State Assembly 6

by Placerville Newswire / Oct 10, 2016 / comments

State Assembly District 6

Candidate picture



Candidate picture


Brian Caples (Dem) Non-governmental organization director

Kevin Kiley (Rep) Deputy attorney general

Age 40

Birthplace (city) San Diego

Residence (city) Folsom

Campaign address 705 E Bidwell Suite 2-253
Folsom, CA 95630

Campaign telephone (916) 864-3367

Campaign email

Web site

Education Technical certification, CTA - LAN Administration, 1998.

Experience Co-founder,, 2013-present; account manager, Audible Magic, 2008-2012; regional account manager, Arista, 2004-2007; applications analyst, CyberSource, 2001- 2002; operations administrator/scheduler CAISO, APX, 1998-2001.

Age 31

Birthplace (city) Sacramento

Residence (city) Rocklin

Campaign address 919 Reserve Drive
Roseville, CA 95678

Campaign telephone (916) 745-6284

Campaign email

Web site

Education Law degree, Yale Law School, 2012; master's degree, secondary education, Loyola Marymount University, 2009; bachelor's degree, Harvard University, 2007.

Experience Deputy attorney general, California Attorney General's Office, 2015-2016; adjunct professor of law, McGeorge School of Law, 2015-2016; associate, Irell & Manella, 2012-2015; English teacher, Manual Arts High School, 2007-2009.


What should the state do next with the high-speed rail program? Explain.

Brian Caples: The current implementation has failed in creating a truly imaginative and innovative proposal to reduce congestion and improve commuter travel. The plan should be expanded to include a segment from the Capitol to San Francisco to cut traffic on 80.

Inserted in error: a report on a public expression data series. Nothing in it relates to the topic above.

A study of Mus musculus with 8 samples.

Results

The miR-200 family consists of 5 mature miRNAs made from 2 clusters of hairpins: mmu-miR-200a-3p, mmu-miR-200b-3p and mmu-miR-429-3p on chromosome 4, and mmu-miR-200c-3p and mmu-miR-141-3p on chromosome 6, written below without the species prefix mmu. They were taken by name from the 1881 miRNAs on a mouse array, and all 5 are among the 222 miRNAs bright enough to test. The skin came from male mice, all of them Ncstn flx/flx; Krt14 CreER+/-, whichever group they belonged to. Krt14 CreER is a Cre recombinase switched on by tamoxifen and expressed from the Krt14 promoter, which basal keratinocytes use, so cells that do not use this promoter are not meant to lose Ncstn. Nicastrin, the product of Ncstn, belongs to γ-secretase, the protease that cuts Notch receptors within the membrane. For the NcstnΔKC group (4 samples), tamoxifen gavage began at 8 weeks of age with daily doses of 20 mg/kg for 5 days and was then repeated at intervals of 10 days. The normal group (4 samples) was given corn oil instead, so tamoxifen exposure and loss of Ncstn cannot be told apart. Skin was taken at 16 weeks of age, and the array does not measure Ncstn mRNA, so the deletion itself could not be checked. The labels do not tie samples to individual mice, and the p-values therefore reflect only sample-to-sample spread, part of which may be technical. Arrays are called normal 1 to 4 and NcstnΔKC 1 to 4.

Kevin Kiley: The bullet train being pushed by Gov. Jerry Brown is a colossal waste of tax dollars. California needs to put resources into repairing our roads and highways, increasing water storage and other vital infrastructure projects.

Explain your position on the twin tunnels and describe any changes in California's water management you support.

Brian Caples: I oppose this scheme, which has cost California taxpayers hundreds of millions of dollars and will not solve the underlying problems of scarce supply and over-consumption. We must invest in water solutions that are cost-effective and evidence-based.

Kevin Kiley: I cannot support a project that would use eminent domain to seize farms and cost upwards of $50 billion when it is all said and done while potentially damaging the Delta’s already-fragile ecosystem.

Explain your position on the issue of recreational marijuana.

Brian Caples: Voters in California will have their say regarding recreational marijuana. As a legislator, I will make sure that we implement the will of the voters in safe and responsible ways. Recreational marijuana could create much-needed revenue for schools.

Kevin Kiley: I strongly oppose legalization of marijuana. Federal government statistics from Colorado show that marijuana-related traffic deaths increased 32 percent after that state legalized, and almost 20 percent of all traffic deaths were marijuana-related.

What specific spending or tax changes would you push for if elected to the Legislature?

Brian Caples: I will streamline processes to eliminate wasteful spending where possible. I will look for ways to reduce tax burdens on hard-working families in California. I will also look to reduce costs for permits, fees and fines that impact small businesses.

Kevin Kiley: Taxes in California are too high and especially hard on middle-class families and small businesses. We need to reduce the state income tax and stop any and all efforts to undermine Prop. 13.

Give one example of how you would change a social service program in California.

Brian Caples: Improve veteran services for homelessness and mental health. Simplify translation of military training into private-sector certifications like nursing. Job-training programs are a cost we should be willing to pay in thanks for their service.

Kevin Kiley: Something is wrong when California has 12 percent of the nation’s population but 33 percent of its welfare recipients. We need to empower job creators, strengthen work requirements for welfare recipients and better protect against fraud.